The Social Bankers, a collective of community bank marketers, offers inspiration, information and professional development advice to community bankers focused on marketing and social media. We asked them for their need-to-know social tips.
By Julie Kendrick
While so many things about banking have changed in recent years, social media continues to grow in its impact on prospects, customers and employees. And that means it can be a challenge to keep up with the latest trends in social media marketing.
That’s the purpose of the Social Bankers, a group of community bankers founded in 2018 that undertakes regular exchanges of social media best practices and insights. The group has a Slack channel, monthly video meetings and a new open-to-all Facebook page. Membership is open to non-competing community bankers throughout the United States.
“When we share information, we can make the industry better,” says Tim Martinson, one of the group’s founders and the marketing manager at $1 billion-asset North American Banking Company in Roseville, Minn. “We have everyone from people who are right out of college to people who are over 50,” he says. “There’s a diversity of geography, experience and opinions, which is especially important for the many of us who are a one-person or a very small department within our banks.”
“We have people telling us that since they’ve joined the group, they’ve been promoted from social media manager to marketing manager, or from marketing manager to another position of accountability within their bank. They’re getting the tools they need to make that step.”
—Tim Martinson, North American Banking Company
Martinson shares one example of how the group helps its members: “Just today, I saw a posting from someone who had joined the group three weeks ago, asking about using gift cards for a quarterly giveaway. She had replies from within 10 minutes to two hours. Before this group existed, she might not have had that helpful information and would have had to develop her proposal in the dark.”
In addition to being a great resource for answering common questions, the group also helps with soft skills. “I’ll see comments like, ‘I love that post; how did you pitch it internally?’” Martinson observes. “We have people telling us that since they’ve joined the group, they’ve been promoted from social media manager to marketing manager, or from marketing manager to another position of accountability within their bank. They’re getting the tools they need to make that step.”
In the years since its launch, the Social Bankers have seen “must-have” social platforms come and go, while focusing on ones that have staying power with their customer base. Here are four insights from active members.
1. Newsletters are powerful
“We’ve been able to cover hot topics in the industry, like financial literacy and cybersecurity, through our monthly email newsletters,” says Jennifer Wheeler, Social Bankers member and marketing and social media specialist at $24 million-asset Stillman Bank in Stillman Valley, Ill. “We started our newsletters in September of 2021, and I’d have to say that the pandemic really kicked us into gear from ‘This is a great someday project’ to ‘We have to get this up and running now.’”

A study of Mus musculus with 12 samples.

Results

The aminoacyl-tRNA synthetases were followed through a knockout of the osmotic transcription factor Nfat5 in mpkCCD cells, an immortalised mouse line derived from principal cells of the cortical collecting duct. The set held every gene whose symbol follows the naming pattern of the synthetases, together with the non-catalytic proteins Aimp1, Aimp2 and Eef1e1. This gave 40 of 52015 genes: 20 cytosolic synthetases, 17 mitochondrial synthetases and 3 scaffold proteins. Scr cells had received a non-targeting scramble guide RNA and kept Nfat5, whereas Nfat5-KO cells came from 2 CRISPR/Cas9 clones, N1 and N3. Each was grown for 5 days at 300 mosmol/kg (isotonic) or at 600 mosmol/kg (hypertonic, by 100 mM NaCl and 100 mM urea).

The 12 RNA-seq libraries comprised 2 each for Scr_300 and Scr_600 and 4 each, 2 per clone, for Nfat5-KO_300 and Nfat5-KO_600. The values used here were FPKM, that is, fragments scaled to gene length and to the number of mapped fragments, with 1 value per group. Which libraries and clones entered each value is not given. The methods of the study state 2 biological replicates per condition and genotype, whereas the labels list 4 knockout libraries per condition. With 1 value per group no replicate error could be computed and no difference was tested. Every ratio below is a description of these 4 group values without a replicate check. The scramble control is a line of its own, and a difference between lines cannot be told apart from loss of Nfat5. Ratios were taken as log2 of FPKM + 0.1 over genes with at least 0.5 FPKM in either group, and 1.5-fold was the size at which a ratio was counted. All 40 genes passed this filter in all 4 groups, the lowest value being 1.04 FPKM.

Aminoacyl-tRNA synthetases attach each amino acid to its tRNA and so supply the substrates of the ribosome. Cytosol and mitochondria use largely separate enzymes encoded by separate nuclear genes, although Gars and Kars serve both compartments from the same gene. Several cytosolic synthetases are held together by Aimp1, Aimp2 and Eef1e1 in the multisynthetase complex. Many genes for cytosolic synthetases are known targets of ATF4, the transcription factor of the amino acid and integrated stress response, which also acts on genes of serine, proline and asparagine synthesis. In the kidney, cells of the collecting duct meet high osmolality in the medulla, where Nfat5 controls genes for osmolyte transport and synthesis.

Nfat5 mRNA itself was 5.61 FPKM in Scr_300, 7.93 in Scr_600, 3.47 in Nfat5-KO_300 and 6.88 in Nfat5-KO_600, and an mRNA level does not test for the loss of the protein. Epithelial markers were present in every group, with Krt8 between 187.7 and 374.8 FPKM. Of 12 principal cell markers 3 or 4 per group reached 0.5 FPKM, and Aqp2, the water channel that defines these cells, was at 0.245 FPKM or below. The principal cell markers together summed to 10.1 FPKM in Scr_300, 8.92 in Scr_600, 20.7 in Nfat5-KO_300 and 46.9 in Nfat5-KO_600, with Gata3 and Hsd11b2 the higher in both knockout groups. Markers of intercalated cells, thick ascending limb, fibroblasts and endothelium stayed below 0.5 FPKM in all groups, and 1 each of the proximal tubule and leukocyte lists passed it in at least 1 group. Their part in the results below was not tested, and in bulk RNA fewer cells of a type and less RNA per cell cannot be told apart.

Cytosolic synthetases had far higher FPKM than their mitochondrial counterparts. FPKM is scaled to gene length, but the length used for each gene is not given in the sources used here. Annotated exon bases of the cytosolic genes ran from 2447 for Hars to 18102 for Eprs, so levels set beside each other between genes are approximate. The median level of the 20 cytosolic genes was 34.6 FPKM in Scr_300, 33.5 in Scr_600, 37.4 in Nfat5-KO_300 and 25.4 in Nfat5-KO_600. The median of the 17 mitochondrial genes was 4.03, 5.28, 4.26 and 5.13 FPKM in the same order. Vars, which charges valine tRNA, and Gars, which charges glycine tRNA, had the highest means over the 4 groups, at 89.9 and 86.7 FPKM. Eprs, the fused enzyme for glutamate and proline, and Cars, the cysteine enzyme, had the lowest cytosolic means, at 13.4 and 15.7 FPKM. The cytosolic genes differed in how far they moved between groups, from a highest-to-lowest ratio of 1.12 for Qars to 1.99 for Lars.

According to Wheeler, Stillman Bank uses the Constant Contact platform, which provides it with an easy-to-monitor email heat map that links back to the community bank’s website and shows them which stories were the most visited.
“For example, if we need to see if people resonated more with information on how to have a smooth closing over [an article] on how to improve credit scores, we have that data readily available,” she says.
Another bonus of the newsletter is the ability to elevate employees as subject-matter experts. “A lot of our articles, especially the mortgage ones, are written by our employees,” Wheeler says. “It’s a way for us to use the resources we have at our fingertips, which is our people. Employees can share the articles they’ve written on their own social and LinkedIn feeds, and they feel proud that they were able to share some knowledge with customers.”
2. DEI matters on social
“If your bank has a DEI [diversity, equity and inclusion] council, collaborate with them on how you can make your social space more inclusive throughout the year,” says Autumn Jose, Social Bankers member and social media and marketing coordinator at $3 billion-asset Civista Bank in Sandusky, Ohio. “If you don’t have a council, talk to your management about developing one, along with a mission for the bank and the communities you serve.”
3. Social media can be a recruiting tool
“Our Slack channel for Social Bankers has been lighting up with ideas on how to recruit new talent and retain the talent we have,” Martinson says. “With the labor market tightening up, there’s more of a demand on marketing staff to create content about the bank that speaks to potential employees and demonstrates what the employee experience is like. We’ve been doing 30-second clips of employees talking about working here and what professional development opportunities we offer.”
Martinson also recommends cleaning up issues with your website and social media profiles, including those of key employees and executives. “Potential employees care about things like a website that doesn’t render on mobile properly, or LinkedIn profiles that aren’t professional,” he says.
4. Content ideas should come from inside
“Collaborate with your internal teams, such as mortgage and commercial lending, to determine topics for new rounds of content,” Jose suggests. “Learn what they would like to see on social channels and in the markets they serve. Providing content that they can share creates a more personalized way to engage with their followers.”
Julie Kendrick is a writer in Minnesota.